WASHINGTON – American consumers give today’s economy the highest grade in more than 16 years.
The Conference Board said Tuesday that consumers’ assessment of current economic conditions hit the highest level this month since July 2001. The business research group’s overall consumer confidence index, which takes into account Americans’ views of current conditions and their expectations for the next six months, rose to 122.9 in August from 120 in July.
Americans’ spirits have been lifted by a healthy job market. Employers added a robust 209,000 jobs in July, and the unemployment rate has dropped to a 16-year low of 4.3 percent.
The Conference Board found that 34.5 percent of respondents described business conditions as “good” – the highest percentage since January 2001. Similarly, 35.4percent described jobs as “plentiful” – most since July 2001.
The overall index hit bottom at 25.3 in February 2009 at the depths of the Great Recession before rebounding at the U.S. economy recovered.
Economists pay close attention to the numbers because consumer spending accounts for about 70 percent of U.S. economic activity.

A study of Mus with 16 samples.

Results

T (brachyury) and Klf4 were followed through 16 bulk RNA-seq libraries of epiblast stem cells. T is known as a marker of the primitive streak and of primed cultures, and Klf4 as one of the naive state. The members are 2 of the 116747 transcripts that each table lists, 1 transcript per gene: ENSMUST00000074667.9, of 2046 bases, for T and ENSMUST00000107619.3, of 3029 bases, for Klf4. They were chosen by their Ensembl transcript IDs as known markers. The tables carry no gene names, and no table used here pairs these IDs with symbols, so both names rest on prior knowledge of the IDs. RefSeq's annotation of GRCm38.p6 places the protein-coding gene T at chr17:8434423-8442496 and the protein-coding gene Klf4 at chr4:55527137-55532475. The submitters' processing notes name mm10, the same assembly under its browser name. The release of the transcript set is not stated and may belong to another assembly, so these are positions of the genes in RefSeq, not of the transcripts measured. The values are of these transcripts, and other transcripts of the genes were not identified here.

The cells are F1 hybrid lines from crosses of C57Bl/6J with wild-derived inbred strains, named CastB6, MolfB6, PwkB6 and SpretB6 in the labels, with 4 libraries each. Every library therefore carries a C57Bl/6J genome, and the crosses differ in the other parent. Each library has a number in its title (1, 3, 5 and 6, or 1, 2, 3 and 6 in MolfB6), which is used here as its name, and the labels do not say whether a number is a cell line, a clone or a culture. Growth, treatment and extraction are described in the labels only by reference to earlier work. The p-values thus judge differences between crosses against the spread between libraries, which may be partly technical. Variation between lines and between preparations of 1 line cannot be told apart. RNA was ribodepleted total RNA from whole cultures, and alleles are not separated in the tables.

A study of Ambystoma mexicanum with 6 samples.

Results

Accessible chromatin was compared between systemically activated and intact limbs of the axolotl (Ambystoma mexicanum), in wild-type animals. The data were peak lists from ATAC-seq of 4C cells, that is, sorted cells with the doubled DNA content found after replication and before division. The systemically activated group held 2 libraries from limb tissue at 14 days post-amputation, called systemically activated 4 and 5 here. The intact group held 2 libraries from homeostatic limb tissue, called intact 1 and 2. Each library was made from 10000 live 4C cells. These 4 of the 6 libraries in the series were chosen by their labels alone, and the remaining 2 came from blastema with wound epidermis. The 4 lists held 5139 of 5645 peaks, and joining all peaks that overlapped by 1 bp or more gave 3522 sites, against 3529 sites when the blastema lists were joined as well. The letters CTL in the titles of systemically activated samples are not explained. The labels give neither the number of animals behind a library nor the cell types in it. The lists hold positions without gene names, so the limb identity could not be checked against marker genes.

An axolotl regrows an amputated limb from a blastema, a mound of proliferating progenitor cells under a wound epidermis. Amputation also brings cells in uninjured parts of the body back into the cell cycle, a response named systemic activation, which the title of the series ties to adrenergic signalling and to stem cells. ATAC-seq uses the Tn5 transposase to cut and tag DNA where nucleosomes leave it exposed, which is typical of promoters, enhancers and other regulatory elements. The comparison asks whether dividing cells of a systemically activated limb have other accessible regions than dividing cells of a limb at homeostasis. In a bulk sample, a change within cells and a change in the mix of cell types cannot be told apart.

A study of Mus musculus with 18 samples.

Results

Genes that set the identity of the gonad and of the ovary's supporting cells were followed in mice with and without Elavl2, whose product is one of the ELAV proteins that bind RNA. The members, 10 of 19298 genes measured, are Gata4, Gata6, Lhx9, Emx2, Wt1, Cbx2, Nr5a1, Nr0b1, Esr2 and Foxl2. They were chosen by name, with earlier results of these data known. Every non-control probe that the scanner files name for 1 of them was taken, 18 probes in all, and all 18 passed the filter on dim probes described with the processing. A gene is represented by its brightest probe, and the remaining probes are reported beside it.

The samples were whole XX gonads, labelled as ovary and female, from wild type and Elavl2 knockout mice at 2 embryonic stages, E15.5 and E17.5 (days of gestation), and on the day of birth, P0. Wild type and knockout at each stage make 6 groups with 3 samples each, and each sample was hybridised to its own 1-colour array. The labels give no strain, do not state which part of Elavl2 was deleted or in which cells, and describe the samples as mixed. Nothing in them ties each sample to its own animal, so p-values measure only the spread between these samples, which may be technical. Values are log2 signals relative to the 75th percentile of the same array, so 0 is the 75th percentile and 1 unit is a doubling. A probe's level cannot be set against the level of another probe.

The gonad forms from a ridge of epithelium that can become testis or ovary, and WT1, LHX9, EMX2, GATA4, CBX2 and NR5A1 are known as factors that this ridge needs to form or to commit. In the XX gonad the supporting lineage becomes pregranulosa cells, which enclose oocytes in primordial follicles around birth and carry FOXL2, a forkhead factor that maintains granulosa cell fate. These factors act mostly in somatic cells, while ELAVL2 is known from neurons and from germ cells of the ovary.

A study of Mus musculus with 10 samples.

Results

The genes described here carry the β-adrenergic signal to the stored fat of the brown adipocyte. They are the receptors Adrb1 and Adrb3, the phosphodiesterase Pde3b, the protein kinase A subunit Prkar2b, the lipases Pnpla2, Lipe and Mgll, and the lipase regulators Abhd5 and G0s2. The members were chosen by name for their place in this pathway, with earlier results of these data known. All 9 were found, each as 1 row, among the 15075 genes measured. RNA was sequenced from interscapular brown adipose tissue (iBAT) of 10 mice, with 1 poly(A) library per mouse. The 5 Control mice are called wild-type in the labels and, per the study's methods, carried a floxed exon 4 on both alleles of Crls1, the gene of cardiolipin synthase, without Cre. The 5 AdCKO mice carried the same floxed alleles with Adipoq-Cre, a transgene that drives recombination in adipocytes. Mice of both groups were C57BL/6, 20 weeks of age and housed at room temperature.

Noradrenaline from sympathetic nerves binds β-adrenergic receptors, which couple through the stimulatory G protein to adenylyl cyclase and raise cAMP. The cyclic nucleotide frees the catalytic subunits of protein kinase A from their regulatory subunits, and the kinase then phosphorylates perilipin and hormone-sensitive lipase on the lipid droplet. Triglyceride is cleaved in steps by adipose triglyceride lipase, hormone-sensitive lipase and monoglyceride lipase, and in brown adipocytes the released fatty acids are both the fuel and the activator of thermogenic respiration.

U.S. home prices climbed higher in June with gains that are eclipsing income growth – creating affordability pressures for would-be buyers.
The Standard & Poor’s CoreLogic Case-Shiller 20-city home price index rose 5.7 percent in June, according to a Tuesday report. The separate national average rose as well, putting it 4.3 points above its housing bubble-era peak in July 2006.
The price increases are different from the bubble period, when subprime mortgages led to a housing bust. There is a shortage of properties for sale, causing the prices to steadily rise at more than double the pace of average hourly earnings. Buyers are also relying on historically low mortgage rates to ease the affordability pressures. Cheaper borrowing costs have kept buyer demand strong despite the price increases.